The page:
Ciné-ONU Vienna virtual screening of “When Tomatoes Met Wagner” to mark International Mother Earth Day 2021

International Mother Earth Day on 22 April reminds humanity that our planet is under great strain. Indeed, Secretary-General António Guterres said this year the world is at a tipping point and we must nurse Earth back to health.

To highlight how small initiatives can have an impact, Ciné-ONU Vienna presented the documentary “When Tomatoes Met Wagner” by Marianna Economou in cooperation with the Permanent Mission of Greece to the United Nations (Vienna), shedding light on sustainable agriculture.

The increasing loss of biodiversity and the threat of extinction for 31,000 species require immediate action. It is vital to support local economies and sustainable production to reduce environmental harm, boost biodiversity and ensure quality of life.

The film takes place in Elias, in rural Greece, showing how two cousins seek to revitalize their village and its 33 inhabitants by expanding their business with organic tomatoes. With the assistance of Wagner’s compositions and Greek traditional music, Alexandros and Christos want to create an optimal growing environment for their organic tomatoes by playing music on loudspeakers in the fields. Alexandros is a source of entertaining anecdotes and a heart-warming approach to Elias’s remaining population, notably some of the older women who help process the tomatoes. It is a humorous, bittersweet movie that reflects the triumphs and struggles of small-scale sustainable businesses.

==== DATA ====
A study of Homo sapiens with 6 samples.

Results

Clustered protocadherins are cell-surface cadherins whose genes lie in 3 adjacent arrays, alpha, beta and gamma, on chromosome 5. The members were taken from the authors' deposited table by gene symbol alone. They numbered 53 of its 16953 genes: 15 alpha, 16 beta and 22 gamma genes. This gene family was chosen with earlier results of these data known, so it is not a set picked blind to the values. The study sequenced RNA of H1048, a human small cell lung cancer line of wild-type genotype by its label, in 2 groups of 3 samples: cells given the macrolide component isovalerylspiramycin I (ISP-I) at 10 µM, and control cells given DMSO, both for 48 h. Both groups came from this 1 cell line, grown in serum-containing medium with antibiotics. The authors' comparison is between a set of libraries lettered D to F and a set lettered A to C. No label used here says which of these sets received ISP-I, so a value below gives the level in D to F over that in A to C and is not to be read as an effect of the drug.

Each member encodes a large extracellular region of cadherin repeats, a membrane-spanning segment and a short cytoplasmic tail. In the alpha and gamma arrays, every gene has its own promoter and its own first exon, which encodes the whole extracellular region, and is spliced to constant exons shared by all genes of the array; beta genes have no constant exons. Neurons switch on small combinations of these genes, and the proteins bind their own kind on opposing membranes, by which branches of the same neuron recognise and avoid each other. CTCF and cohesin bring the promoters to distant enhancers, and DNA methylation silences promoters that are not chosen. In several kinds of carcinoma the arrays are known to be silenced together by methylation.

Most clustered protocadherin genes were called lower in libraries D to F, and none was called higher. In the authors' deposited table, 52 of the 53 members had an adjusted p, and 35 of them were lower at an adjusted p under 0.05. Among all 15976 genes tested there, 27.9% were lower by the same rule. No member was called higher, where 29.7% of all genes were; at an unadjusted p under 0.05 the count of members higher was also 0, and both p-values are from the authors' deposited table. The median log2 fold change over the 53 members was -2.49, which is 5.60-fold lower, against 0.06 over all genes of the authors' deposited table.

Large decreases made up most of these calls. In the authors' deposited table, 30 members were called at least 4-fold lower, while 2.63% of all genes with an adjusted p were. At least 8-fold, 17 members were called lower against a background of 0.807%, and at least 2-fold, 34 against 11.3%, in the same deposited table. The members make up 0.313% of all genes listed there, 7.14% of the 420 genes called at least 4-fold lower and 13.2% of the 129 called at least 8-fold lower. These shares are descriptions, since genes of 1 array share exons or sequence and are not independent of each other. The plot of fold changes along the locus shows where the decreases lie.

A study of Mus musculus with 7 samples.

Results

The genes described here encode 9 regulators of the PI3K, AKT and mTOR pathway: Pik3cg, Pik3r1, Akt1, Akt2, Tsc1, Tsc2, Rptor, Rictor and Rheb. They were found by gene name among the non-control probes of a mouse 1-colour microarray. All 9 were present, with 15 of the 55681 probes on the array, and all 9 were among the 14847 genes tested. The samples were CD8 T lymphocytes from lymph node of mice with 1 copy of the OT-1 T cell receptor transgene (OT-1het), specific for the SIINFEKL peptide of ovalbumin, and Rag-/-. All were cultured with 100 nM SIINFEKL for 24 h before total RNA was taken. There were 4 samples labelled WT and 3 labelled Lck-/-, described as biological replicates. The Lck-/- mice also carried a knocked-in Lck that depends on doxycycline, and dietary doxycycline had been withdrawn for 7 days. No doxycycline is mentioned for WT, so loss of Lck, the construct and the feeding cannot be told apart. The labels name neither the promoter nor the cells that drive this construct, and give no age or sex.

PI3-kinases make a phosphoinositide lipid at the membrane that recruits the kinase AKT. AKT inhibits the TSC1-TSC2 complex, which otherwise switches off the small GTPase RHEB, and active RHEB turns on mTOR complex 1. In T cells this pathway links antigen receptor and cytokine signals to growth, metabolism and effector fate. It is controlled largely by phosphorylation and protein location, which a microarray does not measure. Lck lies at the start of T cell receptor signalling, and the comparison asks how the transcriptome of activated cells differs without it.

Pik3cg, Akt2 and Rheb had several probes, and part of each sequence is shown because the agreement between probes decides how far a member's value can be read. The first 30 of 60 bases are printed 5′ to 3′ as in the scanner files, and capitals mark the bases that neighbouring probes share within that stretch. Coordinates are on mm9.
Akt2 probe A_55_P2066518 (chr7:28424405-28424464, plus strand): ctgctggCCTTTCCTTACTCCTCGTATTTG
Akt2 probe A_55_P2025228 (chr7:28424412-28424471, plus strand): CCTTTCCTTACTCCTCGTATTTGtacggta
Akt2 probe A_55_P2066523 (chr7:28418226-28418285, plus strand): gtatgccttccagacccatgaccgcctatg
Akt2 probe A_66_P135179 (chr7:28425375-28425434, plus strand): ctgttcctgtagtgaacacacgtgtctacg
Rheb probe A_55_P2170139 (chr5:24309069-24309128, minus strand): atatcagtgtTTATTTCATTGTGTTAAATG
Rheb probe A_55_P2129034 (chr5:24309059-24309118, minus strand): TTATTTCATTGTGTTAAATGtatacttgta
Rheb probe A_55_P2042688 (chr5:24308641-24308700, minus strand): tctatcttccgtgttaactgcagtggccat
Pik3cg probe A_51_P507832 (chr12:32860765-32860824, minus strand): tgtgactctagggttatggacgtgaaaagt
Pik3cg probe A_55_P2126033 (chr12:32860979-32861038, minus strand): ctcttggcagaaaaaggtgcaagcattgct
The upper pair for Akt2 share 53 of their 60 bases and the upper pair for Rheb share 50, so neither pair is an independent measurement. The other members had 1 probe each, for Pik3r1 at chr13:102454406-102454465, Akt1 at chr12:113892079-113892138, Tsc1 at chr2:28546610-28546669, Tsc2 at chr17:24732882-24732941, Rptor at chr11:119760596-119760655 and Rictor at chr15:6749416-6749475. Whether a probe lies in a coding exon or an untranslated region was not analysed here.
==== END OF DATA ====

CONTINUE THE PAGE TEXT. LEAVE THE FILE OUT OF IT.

Following the screening of the documentary, Martin Nesirky, Director of the United Nations Information Service (UNIS) Vienna, invited film director Marianna Economou, Catherine Koika, Ambassador of Greece to Austria and Permanent Representative to the United Nations (Vienna), Susanne Maier, CEO of BIO AUSTRIA, Gabriele Obermayr, Senior Adviser on Biodiversity at the Austrian Federal Ministry for Climate Action, and Tania Santivanez, Agricultural Officer at the Food and Agriculture Organization (FAO) of the United Nations, to join a panel discussion and engage with the audience.

Marianna Economou said she was inspired to make the film after seeing numerous abandoned villages as she toured her native Greece. Marianna expressed her sadness and asked: “Who is going to produce food”, and later she also asked, “Where are the agricultural policies?”. She also emphasized how people feel abandoned in rural Greece. However, she also said the inhabitants of Elias continued producing and exporting their goods.

Tania Santivanez identified patterns: “Especially middle and low-income countries face similar problems in terms of capacity development, productivity, access to technology, access to credit, access to insurance, access to market and infrastructure.”

“Our total impact to nature suggested people require 1.6 earths to maintain the current world’s living standard,” Gabriele Obermayr noted.

Courage is the most important thing to make a difference in society, Susanne Maier said. She also added that willingness to try new things is required in the organic culture.

Ambassador Koika closed the discussion with an important message: “I think it is a film that made us reconsider, thus reflect again on an issue that should unite us and try to make us go ahead for a change.”